To some people, property sales form a part of their regular life, whilst to others, selling a property only occurs every so often.
The process can appear daunting to those who have not sold in a while and the levels of paperwork can often be overwhelming. There is a lot of initial admin associated with the sale as these will go on to form the Contract Pack.
We have set out five tips on how to cope and be as efficient as possible with the initial stages:
1. More information is always the best policy. Often the purchaser will ask for a hefty wad of papers relating
to various guarantees, warranties and certificates. It can be tricky trying to decide what may be needed.
Let us do that for you. We can review the papers and pick out those that will likely be needed. All
paperwork gets handed over at the point of completion in any event.
2. Forms are complicated. We understand that the protocol forms are long winded and can be difficult to
answer. Unfortunately these forms are created by the Law Society and are obligatory and we have to use
them. Whilst the forms can be awkward to complete, we deal with these daily, so do not be afraid to ask
3. Deeds. Whilst most property is now registered at HM Land Registry, having the Deeds is helpful to us, see
Paul Ross’ article as to why.
4. Appointing the Agent. Getting the right agent is important as they will also act as a go between for the
two Lawyers involved. We are happy to discuss agents with you and recommend as necessary.
5. ID. We are required to hold full and certified ID for clients and we cannot open a file without it. We
therefore suggest you come into the office to meet your lawyer, satisfy the set ID requirements and
generally have a chat about your sale.
We would expect a sale in complete within 8 - 10 weeks, depending on the complexity and length of the chain. However a lot does depend on how many enquiries the buyer raises, how quickly the buyer’s lawyer responds, searches, obtaining planning documents, financing, management packs and whether there is an issue with the property being sold, for example a defect in title.
The next step for you as the seller, following the contract pack being submitted to the buyer’s solicitor, is replying to enquiries. Again, I have some tips on these:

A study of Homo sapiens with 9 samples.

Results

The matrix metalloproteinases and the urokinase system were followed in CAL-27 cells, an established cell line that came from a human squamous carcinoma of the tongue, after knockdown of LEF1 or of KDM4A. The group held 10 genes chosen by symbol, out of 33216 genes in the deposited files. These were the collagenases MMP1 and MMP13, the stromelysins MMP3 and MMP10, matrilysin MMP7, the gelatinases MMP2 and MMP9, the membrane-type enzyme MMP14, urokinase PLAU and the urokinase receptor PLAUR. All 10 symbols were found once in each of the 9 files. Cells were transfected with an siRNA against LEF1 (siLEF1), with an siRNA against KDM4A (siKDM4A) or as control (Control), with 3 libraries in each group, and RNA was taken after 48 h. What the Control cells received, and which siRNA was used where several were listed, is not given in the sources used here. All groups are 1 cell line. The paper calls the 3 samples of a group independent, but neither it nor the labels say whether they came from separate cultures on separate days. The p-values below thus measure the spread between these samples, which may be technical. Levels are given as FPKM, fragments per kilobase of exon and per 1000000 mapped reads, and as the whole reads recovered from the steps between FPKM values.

1. Honesty is always the best policy. Often a defect or issue can be remedied. If a problem comes to light
later that you deliberately did not disclose during the sale process, the buyer may be able to take action
2. It’s fine not to know! Enquires can be tough to answer and it is fine not to have an answer.
3. We are here to help! We will give suggested responses where appropriate, reject any enquires that are
not relevant and help you respond.
Once enquires are settled satisfactorily, we move to exchange. Contracts are sent to you to sign. We then take instructions on whether you are ready to exchange and agree a completion date. People often ask ‘what time period is usual between exchange and completion?’ The answer is not set. Once upon a time, 4 weeks was usual as this allowed money to be sent and cheques to be banked. In the modern technological age the standard 4 week period is no longer necessary. Completion can take place when both sides are happy to complete. It can be days or it can be weeks or even months. It does depend on what both sides are happy to agree on.
Once contracts are exchanged both parties are locked into the contract and are bound to complete the transaction. Failure to do so results in penalties and eventually forfeiture of the deposit. You will need to ensure the property is empty at the point of completion, and where possible we would recommend clearing your property the day before completion.
The selling process, whilst structured, can be stressful. We are here to reduce the stress and assist you as much as possible. Rather chat to us so that we know how to assist you best, than keep quiet in a state of anxiety.